The public management overhaul in New Zealand was initiated by its Labour government in 1984 and supported by the National Party opposition, which carried it further after winning back power in 1990. Many of the changes, although radical, are no more than the new orthodoxy. The Labour government privatised large chunks of the state sector, from Air New Zealand and the Telecom Corporation to the Bank of New Zealand. The National Party government has since required local authorities to put contracts to tender and has encouraged them to sell assets. Employment contracts are comparable to those of the private sector.
It is in the heart of government that the change is starkest, with the old class of civil service mandarin replaced by executives who manage independently. Government now enters into contracts with departments for specified outputs. The divide between purchaser and provider has been taken right to the top of government.
Both major parties believe that accountability has been enhanced. The government's role as purchaser can be assisted by requiring departments, quangos and the private sector to bid against each other for public contracts.
Graham Mather, author of the book Making Good Government Seem Easy, which studied the New Zealand reforms, is enthusiastic: 'The key difference is that New Zealand has gone much further down the road. In Britain, the next step agencies are the most fundamental change to the civil service this century. But it didn't frighten the horses.'
New Zealand's reforms were bitterly opposed by most of the old mandarin class, which argued that the introduction of fixed-term contracts and a willingness to replace departmental executives would politicise the service and enable government to appoint their own people. The opposite has been the case, Mr Mather found.
'There is a more formal and transparent process than here (in Britain),' he argued. 'Therefore it is less easy for ministers to say we don't want so and so if they come out top. We asked the permanent secretaries if their fears had been borne out - and they said they hadn't been.'
New Zealand's mandarin class had to be challenged if public services were to be made effective, the government believed. The pay of permanent secretaries was partly determined by the number of staff they employed, encouraging them to have too many. The only civil servants ever fired were those committing criminal acts.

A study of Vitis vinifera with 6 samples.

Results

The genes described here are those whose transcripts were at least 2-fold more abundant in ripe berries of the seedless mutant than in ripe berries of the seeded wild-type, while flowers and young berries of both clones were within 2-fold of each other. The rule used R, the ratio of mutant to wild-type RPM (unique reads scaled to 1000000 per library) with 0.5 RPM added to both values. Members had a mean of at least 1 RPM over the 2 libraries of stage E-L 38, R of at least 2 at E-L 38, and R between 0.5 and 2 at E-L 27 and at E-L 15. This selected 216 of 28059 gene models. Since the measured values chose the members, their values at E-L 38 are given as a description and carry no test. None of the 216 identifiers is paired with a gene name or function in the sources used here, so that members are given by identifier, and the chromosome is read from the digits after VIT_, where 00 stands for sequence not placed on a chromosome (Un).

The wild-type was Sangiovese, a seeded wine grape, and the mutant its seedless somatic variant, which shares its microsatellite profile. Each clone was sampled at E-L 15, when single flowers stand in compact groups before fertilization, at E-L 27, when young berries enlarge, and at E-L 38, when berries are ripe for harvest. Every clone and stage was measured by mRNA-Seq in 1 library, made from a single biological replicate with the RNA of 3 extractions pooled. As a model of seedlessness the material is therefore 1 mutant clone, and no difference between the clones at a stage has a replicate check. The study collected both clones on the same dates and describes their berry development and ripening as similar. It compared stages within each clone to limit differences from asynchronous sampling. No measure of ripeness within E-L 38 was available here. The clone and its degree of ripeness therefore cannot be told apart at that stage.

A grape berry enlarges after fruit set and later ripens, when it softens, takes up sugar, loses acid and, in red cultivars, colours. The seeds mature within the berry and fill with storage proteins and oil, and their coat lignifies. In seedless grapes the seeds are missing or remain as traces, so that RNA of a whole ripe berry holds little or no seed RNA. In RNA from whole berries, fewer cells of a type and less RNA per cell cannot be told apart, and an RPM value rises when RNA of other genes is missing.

Today a more aggressive executive class has emerged to head departments. And many departments are led by women. Executives have freedom to decide on wages, accommodation and other operational matters. The executive is on performance related pay, with bonuses of up to 20 per cent available, and all senior staff are on fixed-term contracts of no more than five years. Contracts of poor performers are not renewed. Departments are rewarded for underspending, and few ever exceed their budgets.
The contractual relationship is extended to cover the Reserve Bank, which has operational independence while being accountable to parliament.
State-owned enterprises still exist, but report to their own minister - again emphasising the separation of purchaser and provider. Consequently hospitals, as healthcare providers, report to the minister for state-owned enterprises, while healthcare purchasers report to the minister of health. State owned enterprises borrow independently (the debt is not counted against the public sector borrowing requirement) and are required to achieve returns on capital.
Michael Soljak, formerly with New Zealand's health ministry and now director of strategy and health gain at the Ealing, Hammersmith and Hounslow Health Agency in London, contends that the clearer lines of responsibility and accountability in New Zealand have led to better decision making.
'It has moved away from a cash limited system with no clear annual planning cycle - where you tend to plan at the margins, where priorities are resolved by extending deadlines - to where the public sector works like a private sector management consultancy, where specific projects are commissioned and tracked,' he said.
'It has resulted in a different way of day-to-day working. Instead of a large range of issues dealt with shallowly, fewer things are tackled (but) in depth, and time-frames adhered to. It has improved accountability and ensured that people have the resources they need to do the job. The environment has become less stressful for staff.'
New Zealanders believe that as a young nation they are both more pragmatic and more willing to be radical than the British, and that is reflected in the reforms. For example, without any emotional history attached to a particular hospital, they are more willing to close one that is inefficient.
Many in the country say fundamental change was forced on them by the long and disastrous National Party government of Sir Robert Muldoon, which left the country with an inflation rate and trading and budget deficits that were unsustainable. The country's farmers actually volunteered to give up their subsidies.
The politician who first unleashed the reforms, Sir Roger Douglas, former Labour finance minister, argues in his recently published book, Unfinished Business, that more fundamental reform is needed. He wants to see welfare payments shifted from the middle classes to the genuinely poor, and people able to buy in education, healthcare and pensions in the marketplace. Sir Roger believes an integrated tax and benefit system would improve efficiency and end the poverty trap.
Sir Roger and former treasury boss Graham Scott, co-instigator of the reforms, will speak in May at a dinner hosted by the European Policy Forum, Mr Mather's conservative think-tank.